Urinary incontinence (UI) is a common disorder that is increasingly important as our population ages. Less is known about UI in younger women, and few large surveys have been able to determine risk factors by linking their data to patients’ medical findings.
We conducted a population-based, age-stratified postal survey of 6000 women aged between 30 and 90 years who were enrolled in a large health maintenance organization in Washington State.
The response rate was 64% (n = 3536) after exclusion criteria were applied. The population-based prevalence of UI was 45%. Prevalence increased with age, from 28% for 30- to 39-year-old women to 55% for 80- to 90-year-old women. Eighteen percent of respondents reported severe UI. The prevalence of severe UI also increased notably with age, from 8% for 30- to 39-year-old women to 33% for 80- to 90-year-old women. Older age, higher body mass index (BMI, calculated as weight in kilograms divided by the square of height in meters), greater medical comorbidity, current major depression, a history of hysterectomy, and parity increased the odds of having UI. Not being white and having had only cesarean deliveries decreased the odds of having UI. Major depression (odds ratio, 2.48; 95% confidence interval, 1.65-3.72) and obesity, defined as having a BMI of 30 or greater (odds ratio, 2.39; 95% confidence interval, 1.99-2.87), had the strongest association with UI. Among women with UI, age, BMI, medical comorbidity, current major depression, diabetes, a history of hysterectomy, and having had only cesarean deliveries were significantly associated with severe UI.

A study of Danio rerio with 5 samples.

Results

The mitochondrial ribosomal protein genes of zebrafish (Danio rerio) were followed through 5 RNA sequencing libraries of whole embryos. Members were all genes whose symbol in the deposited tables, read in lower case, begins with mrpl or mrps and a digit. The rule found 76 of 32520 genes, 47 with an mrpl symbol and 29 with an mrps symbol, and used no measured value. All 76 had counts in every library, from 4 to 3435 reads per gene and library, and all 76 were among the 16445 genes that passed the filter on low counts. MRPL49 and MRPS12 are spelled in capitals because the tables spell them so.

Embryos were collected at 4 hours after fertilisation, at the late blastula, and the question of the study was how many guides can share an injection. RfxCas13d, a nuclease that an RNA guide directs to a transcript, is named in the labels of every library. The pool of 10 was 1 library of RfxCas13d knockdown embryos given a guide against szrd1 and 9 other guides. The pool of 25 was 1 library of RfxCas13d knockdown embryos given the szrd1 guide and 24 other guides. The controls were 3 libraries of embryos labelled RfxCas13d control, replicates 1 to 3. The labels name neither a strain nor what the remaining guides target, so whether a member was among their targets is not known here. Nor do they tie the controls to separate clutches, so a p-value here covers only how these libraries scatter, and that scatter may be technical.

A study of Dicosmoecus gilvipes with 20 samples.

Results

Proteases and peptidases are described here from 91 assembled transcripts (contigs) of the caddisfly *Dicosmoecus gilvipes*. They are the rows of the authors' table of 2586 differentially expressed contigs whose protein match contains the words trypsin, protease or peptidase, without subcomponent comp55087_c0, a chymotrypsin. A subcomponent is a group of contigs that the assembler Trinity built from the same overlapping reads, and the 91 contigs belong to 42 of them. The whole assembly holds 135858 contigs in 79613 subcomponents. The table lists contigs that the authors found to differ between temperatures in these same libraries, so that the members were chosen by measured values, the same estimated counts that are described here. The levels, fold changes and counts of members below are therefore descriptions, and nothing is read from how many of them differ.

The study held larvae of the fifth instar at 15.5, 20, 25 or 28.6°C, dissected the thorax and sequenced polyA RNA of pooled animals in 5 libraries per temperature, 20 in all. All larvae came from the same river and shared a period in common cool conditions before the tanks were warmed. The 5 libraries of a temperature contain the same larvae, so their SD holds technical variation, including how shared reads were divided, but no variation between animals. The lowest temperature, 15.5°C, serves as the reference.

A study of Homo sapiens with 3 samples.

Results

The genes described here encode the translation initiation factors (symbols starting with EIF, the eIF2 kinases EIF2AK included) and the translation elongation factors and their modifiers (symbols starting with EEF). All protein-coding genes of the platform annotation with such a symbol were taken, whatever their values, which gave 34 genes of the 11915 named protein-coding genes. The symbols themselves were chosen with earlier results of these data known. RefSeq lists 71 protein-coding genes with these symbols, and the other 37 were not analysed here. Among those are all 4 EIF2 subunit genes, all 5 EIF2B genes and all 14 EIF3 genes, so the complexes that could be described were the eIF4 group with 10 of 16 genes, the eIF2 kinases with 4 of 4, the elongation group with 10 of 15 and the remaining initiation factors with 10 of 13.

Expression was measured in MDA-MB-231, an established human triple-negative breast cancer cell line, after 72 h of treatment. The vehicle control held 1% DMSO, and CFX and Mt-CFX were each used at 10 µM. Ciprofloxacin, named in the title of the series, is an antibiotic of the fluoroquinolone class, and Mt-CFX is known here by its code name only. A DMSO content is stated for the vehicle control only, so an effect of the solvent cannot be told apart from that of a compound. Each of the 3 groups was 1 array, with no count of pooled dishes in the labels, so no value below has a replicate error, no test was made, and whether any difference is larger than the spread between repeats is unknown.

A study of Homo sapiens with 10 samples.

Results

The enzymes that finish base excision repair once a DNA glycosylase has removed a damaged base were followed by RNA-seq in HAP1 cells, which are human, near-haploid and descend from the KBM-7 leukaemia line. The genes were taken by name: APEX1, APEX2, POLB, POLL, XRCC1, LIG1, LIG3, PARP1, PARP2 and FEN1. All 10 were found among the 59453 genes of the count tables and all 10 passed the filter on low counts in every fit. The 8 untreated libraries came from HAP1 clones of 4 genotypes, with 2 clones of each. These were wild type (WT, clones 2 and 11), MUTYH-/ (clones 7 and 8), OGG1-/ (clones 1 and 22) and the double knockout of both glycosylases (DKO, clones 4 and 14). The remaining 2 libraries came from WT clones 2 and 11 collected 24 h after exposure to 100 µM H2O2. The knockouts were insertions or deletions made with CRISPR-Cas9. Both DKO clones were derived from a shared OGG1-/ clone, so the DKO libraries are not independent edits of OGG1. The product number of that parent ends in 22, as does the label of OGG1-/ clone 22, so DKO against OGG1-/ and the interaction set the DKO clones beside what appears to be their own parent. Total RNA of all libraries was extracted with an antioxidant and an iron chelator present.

Urinary incontinence is highly prevalent in women across their adult life span, and its severity increases linearly with age. Age, BMI, race, medical comorbidity, current major depression, a history of hysterectomy, parity, and having only had cesarean deliveries are each independent factors significantly associated with the likelihood of having UI.